Now lets come to the development setup. I use a MacBook Air with just 4 GB of ram and it eats up half of it by default. MacBook Air seemed to be good due to its portability, sleekness, and all other stuff except for programming, data analysis, gaming, etc due to memory and GPU constraints. I was forced to look for a better development setup. This problem can be generalized to anyone who wants to build stuff but suffers from hardware limitations.
To start with I did remove all unwanted running applications. Further, I also used a tool called MemoryDiag which automatically frees up RAM when it reaches certain limits. The biggest memory hog comes from browsers like Firefox and Chrome which try to take up any free space and thus suffocating the development servers. Even my preferred IDE Vscode takes up a lot of RAM as I have to run 4 different windows to get the linting and integrated terminal working properly.
I had the following options in front of me
- Run a lightweight os like Linux on Mac
- Learn VIM
- Switch to cloud IDE
- Vscode Remote SSH
- Get a new Desktop / Laptop
Dual Booting Mac OS
My initial attempts to dual boot Ubuntu through a harddisk partition failed after repeated attempts. The problem seems to be around Ubuntu Installer not being able to detect the latest NVMe hard-disks. Ironically I seem to be facing this issue only after upgrading to macOS ElCaptain and higher.
I then used an external harddisk to get it working. Ubuntu full install with the third party closed sources is the best way forward as it has drivers for display, Wifi, etc. Only the camera did not work. Apart from this
- Though the ram usage was lesser, there were significant lags
- Occasionally the entire OS simply freezes forcing me to restart whereby losing any unsaved work.
- Getting the inbuild keyboard mapping to work with ubuntu was a lot harder and slowed the work. For the ease of work needed an extra wired keyboard and mouse.
I thought the issue might be with the default GNOME and tried my luck with other lightweight alternatives like XFCE and LXDE but in vain. Even here though the RAM consumption was even lower the same problems persisted.
After several unsuccessful attempts to learn VIM, I found that I am hooked to using the mouse cursor to move around for editing code. Developing muscle memory is easier said than done. Apart from this, every VIM user seems to have their configuration and I had to plow through and experiment with these before I could get started. Apart from this, I was learning too many new things already, and learning VIM simply did not work out.
These seemed to be highly promising as they also offer scalability. I checked out both AWS Cloud9 and Codeenvy.
Cloud9 runs on an EC2 instance. This means that you can add resources as per your requirement and have to pay only for the resources consumed.
Codeenvy based on opensource Eclipse-Che though better was based on fixed pricing. It’s free up to 3 GB ram and additional GB would cost about 10 $ each.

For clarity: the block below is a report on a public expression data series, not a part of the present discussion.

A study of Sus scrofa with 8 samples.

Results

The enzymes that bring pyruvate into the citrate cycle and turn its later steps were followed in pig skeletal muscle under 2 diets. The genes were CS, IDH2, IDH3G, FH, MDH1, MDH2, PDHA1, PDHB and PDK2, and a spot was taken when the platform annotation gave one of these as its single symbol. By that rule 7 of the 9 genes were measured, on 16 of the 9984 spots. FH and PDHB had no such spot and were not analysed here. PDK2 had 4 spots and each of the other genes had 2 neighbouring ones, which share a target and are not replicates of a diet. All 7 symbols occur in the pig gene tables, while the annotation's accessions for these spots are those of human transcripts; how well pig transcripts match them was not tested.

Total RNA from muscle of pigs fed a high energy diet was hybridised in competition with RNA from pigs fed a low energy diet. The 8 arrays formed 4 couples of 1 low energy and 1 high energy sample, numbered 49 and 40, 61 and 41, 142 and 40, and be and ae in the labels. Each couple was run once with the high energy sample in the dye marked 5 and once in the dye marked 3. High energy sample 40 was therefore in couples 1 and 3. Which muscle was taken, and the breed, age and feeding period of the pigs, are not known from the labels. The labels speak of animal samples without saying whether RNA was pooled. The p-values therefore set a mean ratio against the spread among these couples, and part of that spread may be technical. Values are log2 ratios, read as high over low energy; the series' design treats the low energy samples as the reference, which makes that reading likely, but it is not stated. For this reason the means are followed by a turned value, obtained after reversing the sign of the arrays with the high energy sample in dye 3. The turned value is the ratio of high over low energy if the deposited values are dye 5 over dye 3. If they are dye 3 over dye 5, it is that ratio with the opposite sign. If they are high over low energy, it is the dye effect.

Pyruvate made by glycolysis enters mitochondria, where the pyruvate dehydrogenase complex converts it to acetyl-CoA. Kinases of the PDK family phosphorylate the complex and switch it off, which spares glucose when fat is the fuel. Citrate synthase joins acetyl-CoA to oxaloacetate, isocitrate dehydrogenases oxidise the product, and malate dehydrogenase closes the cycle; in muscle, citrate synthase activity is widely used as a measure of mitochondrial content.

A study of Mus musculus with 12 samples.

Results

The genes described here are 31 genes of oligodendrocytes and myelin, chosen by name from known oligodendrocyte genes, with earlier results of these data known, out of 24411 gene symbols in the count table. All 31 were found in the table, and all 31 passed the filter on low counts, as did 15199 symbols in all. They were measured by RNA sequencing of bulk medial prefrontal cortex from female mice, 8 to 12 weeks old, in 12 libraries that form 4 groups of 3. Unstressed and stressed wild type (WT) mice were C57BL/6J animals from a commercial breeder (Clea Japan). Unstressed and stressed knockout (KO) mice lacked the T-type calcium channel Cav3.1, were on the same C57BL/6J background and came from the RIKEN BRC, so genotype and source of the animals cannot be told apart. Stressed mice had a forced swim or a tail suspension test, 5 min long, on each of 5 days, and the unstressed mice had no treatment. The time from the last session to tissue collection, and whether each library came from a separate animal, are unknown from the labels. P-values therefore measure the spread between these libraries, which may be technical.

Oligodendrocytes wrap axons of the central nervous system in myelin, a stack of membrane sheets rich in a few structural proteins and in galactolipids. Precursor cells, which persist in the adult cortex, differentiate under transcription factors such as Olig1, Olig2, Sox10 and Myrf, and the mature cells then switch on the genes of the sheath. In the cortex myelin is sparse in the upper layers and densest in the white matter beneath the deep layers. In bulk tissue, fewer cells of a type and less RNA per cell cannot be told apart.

Back then I found the interfaces and deployment difficult especially there was overall less community support.
Getting a new PC seemed to be far better than paying for the cloud IDE. At least I can use it for multiple purposes and on top of all at least I own something for the price paid. When it comes to selecting a desktop or laptop the former seems to be much better because of reconfigurability and maintenance. Even if one part gets damaged you only need to fix that. On the contrary, a laptop seems to be more portable and can be taken along with you in case you’re traveling thus protecting your work from any interruptions. Also when it comes to the desktop you can make incremental investments whereas in laptops all the investment is tied up the particular configuration. Making such an investment was a hard choice for me back then.
Finally, there was a breakthrough. I was excited to know that VS Code had released the Remote Development Extension. With this, you can ssh into any cloud instance or even docker container and run your code from there. This also gives the freedom to scale your development environment. I experienced the following benefits
- No more VIM or Nano. I can log in via ssh and edit any file directly in the ide with a mouse. This was especially helpful for editing the Ngnix files.
- Keep my Mac book clean from installing a lot of libraries or software like Redis, RabbitMQ, etc.
- Both the development and production environments had the same OS.
- I don’t have to learn a new IDE.
- With port forwarding options you don’t have to expose the machine to the public internet and suffer from DNS attacks or hacks.
- Running this setup with Google or AWS meant that I only had to pay for the resources used. Google preemptible was the best option here when it comes to price and data persistence. The AWS spot instances though cheap will not retain the resources similar to a normal VPS also the availability of a particular instance type when you want might be less/null. With Google Cloud, an instance with 3.75 GB ram running for the whole month could cost only up to 8 $. Being a development server I usually shut it down and even in the worst case, it gets shut down automatically within 24 hours.
- Running data analytics work has never been faster and easier.
- Keep in mind to run from the VS Code stable version and not the Insiders which seem to consume a lot of bandwidth.
The above setup freed up a lot of resources tied up with running dockers, databases, development extensions for linting/formatting. You can even delete the environment and set up a new one within minutes. Periodically using Git also ensures that the code changes are saved and retrievable.